Acquisitions made with a Special Purpose Acquisition Company (SPAC) are more likely to have mistakes in their financial statements than a traditional initial public offering (IPO), University of Iowa researcher Ryan Wilson said on The Voice of Corporate Governance podcast.
Their study looked at data for post-merger SPAC firms and companies that went public from 2006 to 2020.
They found that SPAC firms after an acquisition had a 9% higher likelihood of restatements due to errors, more amended returns, a higher percentage of internal control weaknesses identified by auditors and management teams, and more untimely filings. The study said investors respond less to earnings surprises from SPAC firms than IPO firms, meaning it’s likely less weight is being placed on SPAC disclosures by investors.
“I think our analysis does confirm a lot of speculation you’ve seen in the media about the quality of the some accounting information of the SPAC firms,” he said during the podcast, while noting it’s not a perfect “apples to apples comparison.”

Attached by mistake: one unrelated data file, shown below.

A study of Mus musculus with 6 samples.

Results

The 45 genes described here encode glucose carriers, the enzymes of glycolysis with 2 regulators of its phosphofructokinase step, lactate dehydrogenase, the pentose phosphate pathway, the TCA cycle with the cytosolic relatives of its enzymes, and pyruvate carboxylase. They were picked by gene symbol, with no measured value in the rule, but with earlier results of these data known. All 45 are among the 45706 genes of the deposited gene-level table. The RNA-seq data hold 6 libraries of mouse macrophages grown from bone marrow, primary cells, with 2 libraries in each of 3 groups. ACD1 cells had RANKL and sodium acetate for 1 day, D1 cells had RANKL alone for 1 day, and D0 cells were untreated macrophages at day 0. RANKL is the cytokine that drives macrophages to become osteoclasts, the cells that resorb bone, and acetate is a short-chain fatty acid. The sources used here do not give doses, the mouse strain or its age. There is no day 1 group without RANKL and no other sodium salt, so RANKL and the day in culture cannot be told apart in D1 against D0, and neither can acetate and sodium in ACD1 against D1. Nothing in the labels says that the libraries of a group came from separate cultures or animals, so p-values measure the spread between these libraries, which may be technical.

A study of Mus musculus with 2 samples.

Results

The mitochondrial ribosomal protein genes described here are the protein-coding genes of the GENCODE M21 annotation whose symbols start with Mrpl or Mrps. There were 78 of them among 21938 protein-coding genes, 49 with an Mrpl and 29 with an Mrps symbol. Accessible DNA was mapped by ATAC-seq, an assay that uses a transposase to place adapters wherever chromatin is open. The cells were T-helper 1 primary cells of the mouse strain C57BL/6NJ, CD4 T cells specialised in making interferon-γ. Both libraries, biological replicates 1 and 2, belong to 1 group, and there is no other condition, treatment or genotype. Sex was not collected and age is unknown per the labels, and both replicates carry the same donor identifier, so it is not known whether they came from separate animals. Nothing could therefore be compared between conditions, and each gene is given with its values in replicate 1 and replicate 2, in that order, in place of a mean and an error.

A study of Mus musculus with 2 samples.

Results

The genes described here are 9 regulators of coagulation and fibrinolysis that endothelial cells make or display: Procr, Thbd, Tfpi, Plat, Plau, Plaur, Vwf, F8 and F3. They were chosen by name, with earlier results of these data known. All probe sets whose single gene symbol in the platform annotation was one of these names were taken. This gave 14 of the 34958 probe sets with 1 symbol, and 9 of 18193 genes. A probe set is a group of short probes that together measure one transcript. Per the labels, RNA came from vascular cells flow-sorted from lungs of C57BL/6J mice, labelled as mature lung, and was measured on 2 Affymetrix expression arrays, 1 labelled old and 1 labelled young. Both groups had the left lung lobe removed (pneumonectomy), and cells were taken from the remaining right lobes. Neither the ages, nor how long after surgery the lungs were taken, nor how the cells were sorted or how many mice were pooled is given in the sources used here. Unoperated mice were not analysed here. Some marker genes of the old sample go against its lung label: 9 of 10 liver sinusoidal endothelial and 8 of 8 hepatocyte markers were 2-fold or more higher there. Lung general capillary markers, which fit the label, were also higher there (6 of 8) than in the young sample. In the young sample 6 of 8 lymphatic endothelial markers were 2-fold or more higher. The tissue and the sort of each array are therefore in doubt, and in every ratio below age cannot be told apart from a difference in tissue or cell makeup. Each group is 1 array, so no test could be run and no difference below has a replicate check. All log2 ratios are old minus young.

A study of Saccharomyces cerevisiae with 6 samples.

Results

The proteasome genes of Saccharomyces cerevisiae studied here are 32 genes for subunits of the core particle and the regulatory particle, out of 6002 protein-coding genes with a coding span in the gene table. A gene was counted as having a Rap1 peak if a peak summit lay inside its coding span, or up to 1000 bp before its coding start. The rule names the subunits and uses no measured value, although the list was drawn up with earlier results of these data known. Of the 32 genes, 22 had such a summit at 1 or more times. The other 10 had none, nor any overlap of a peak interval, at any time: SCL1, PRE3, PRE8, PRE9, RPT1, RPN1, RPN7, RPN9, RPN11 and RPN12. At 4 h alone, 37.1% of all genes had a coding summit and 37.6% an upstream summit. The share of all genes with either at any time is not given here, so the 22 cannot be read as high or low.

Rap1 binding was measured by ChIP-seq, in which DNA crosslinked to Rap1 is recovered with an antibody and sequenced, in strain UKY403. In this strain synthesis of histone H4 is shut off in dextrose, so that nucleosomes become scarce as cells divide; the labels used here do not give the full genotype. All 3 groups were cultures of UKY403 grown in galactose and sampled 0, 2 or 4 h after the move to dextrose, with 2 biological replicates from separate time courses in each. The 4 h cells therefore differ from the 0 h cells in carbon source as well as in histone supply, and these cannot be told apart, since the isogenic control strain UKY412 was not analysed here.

“I don’t know that [the findings] should be hugely concerning. It’s always a tradeoff between the cost around going public and having really high quality information in public filings. This SPAC process is more compressed than the IPO process,” he added.
SPACs, similar to a shell company often sponsored by a team of investors, are formed to raise capital through an IPO to then use those funds and acquire an operating business. Once acquired, a new publicly traded company is formed. However, there are risks associated with SPACs as well, according to CNBC.
“We were intrigued by the boom in SPACs that ran from 2020-2021, and it got our attention as accounting professors,” he said. “We wondered what the effect would be on accounting outcomes.”
Mr. Wilson said investors should be aware these filings could have less reliable information when making financial decisions.